14 Jul 2016

A commoners view of the Royal Fern

Bruce Langridge

How do celebrate your birthday?

Having grown out of party games and jelly, I love to go out exploring nature.

This year’s birthday trip was inspired by a year long Heritage Lottery Fund project run by Carmarthenshire Council’s biodiversity team. This is to improve the condition of the county’s upland bogs and to let people know about them.

One of these bogs is on Mynydd Figyn, a 1000ft high hilltop between Capel Isaac and Abergorlech. I’ve walked around the road that circles the bog here a few times – you get great 360 degree views along a pretty road which in places is grassing over from lack of car use.  Alongside the road is a great expanse of bogland which looks fascinating but which I thought was too wet and boggy to walk on.  But enthused by the project I decided to take a risk and have a close look. I’m glad I did.

I came across pink clumps of cross-leaved heather and lousewort, white whisps of cotton-grass and odd spikes of deer grass. Squelchy ground held deep saturated sphagnum moss, the plant that forms the main building blocks of peat.  There was plenty of bouncy Polytrichum moss, in the flush of producing thousands of stalked seedpods, entwined by bedstraw. Beyond these treasures I could see something standing high above the ground. Intrigued, I ignored the discomfort of my wet feet and headed on. Again, I’m glad I did. Standing proud was a large clump of royal fern Osmunda regalis.  I’ve only found this growing wild a few times before and never on a peaty bog – royal fern has largely disappeared from our countryside as our farmlands have been drained.

Fossil evidence suggests that this plant has changed little in 180 million years – it’s like looking at a living fossil.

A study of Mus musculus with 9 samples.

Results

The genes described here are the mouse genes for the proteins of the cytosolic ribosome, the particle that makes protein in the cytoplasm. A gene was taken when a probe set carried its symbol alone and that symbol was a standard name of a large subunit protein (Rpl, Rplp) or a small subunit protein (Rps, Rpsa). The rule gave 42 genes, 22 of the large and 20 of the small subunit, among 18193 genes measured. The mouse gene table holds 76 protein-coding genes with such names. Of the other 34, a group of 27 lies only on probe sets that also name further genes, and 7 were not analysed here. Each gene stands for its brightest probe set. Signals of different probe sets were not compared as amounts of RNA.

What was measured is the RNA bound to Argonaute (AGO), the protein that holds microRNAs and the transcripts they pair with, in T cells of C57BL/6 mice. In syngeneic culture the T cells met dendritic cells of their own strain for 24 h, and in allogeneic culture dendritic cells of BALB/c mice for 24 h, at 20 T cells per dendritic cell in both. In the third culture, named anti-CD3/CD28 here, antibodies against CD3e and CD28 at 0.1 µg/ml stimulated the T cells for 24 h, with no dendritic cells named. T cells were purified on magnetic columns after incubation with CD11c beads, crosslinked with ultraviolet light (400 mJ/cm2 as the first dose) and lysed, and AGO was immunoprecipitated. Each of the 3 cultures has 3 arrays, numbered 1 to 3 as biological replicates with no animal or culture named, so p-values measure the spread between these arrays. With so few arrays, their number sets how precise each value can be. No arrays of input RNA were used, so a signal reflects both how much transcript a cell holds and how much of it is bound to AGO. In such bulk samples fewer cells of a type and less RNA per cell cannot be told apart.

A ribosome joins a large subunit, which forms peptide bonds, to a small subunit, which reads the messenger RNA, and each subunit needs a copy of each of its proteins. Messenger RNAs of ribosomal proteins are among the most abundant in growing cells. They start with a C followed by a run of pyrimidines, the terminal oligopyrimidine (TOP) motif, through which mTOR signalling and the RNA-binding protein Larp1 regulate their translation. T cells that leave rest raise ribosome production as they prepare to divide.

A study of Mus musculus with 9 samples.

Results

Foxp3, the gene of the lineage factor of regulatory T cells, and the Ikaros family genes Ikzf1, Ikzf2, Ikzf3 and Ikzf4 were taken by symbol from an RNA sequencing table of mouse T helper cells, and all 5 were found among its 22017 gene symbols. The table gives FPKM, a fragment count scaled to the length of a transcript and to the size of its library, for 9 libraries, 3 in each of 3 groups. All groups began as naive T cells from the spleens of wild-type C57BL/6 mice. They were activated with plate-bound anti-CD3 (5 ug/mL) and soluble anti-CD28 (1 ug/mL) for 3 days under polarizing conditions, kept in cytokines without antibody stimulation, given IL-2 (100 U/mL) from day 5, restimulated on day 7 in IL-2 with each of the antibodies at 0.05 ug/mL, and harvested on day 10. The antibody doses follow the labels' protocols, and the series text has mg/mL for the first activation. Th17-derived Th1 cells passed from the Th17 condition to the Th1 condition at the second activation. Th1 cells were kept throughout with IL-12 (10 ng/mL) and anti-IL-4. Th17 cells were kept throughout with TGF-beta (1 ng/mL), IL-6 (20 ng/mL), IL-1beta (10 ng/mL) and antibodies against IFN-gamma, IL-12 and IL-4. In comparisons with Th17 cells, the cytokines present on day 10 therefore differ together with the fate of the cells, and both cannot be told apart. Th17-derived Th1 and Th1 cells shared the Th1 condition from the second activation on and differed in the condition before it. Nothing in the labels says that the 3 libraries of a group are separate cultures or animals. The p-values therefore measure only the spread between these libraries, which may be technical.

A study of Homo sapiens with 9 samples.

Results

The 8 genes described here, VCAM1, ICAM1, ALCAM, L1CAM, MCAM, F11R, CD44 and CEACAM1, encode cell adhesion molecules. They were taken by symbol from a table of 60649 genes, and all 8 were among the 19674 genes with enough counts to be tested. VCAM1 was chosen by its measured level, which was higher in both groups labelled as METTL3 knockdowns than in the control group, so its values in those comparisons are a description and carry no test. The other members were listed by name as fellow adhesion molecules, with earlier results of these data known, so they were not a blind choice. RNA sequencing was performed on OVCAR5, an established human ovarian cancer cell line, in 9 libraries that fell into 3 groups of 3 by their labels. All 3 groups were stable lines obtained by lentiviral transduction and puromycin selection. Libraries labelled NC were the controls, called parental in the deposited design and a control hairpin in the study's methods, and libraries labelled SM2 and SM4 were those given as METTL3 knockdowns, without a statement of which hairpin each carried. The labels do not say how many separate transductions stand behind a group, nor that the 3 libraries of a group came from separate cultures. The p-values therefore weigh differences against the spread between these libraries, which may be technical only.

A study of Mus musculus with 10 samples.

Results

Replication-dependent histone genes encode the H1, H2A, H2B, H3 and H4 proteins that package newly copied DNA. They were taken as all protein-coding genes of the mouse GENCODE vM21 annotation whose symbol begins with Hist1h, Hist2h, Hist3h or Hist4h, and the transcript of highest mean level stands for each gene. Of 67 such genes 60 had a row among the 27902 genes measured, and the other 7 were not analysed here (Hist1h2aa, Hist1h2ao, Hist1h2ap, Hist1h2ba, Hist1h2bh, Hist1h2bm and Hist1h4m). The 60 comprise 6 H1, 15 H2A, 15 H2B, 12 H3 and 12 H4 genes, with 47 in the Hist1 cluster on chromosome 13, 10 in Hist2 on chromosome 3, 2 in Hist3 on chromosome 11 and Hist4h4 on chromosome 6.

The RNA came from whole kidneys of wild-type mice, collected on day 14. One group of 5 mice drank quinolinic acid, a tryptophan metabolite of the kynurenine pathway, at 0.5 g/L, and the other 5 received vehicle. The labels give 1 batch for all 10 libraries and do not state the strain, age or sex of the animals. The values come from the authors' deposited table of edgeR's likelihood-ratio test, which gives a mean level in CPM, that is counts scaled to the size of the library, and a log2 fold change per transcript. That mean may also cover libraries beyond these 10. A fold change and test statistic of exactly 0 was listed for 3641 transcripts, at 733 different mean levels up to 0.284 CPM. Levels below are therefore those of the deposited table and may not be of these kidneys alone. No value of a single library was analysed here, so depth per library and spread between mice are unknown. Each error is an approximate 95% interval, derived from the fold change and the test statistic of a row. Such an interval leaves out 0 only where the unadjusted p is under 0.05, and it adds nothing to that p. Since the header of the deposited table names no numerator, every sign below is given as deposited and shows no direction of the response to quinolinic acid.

But what a beautiful co-incidence this was

I’ve recently processed a loan agreement with artist Glenn Morris to continue to show his sublimely smooth sculpture of the royal fern which you can see along our Broadwalk. I’ve also just finished installing the interpretation for a display of the evolution of plants in our Wallace Garden. This has taken a long time to do as not only are the facts/theories of the process of evolution of land plants hotly disputed but these are difficult processes to explain in words on short information panels. Luckily I’ve got some great horticulturalists and designers to work with, and part of the display features a wonderful display of royal ferns so you can see for yourself why I was so thrilled to find them.

You might also think about visiting us on September 17th. We’re hosting Boggy Day, an event that brings together ecologists, Dyfed Archaeological Trust, Swansea Print Workshop, Swansea University, Carmarthenshire Council and storytellers to tell the story of these fascinating upland bogs. We’ll also have Melcourt at hand to demonstrate how you can garden with peat-free compost. See you then!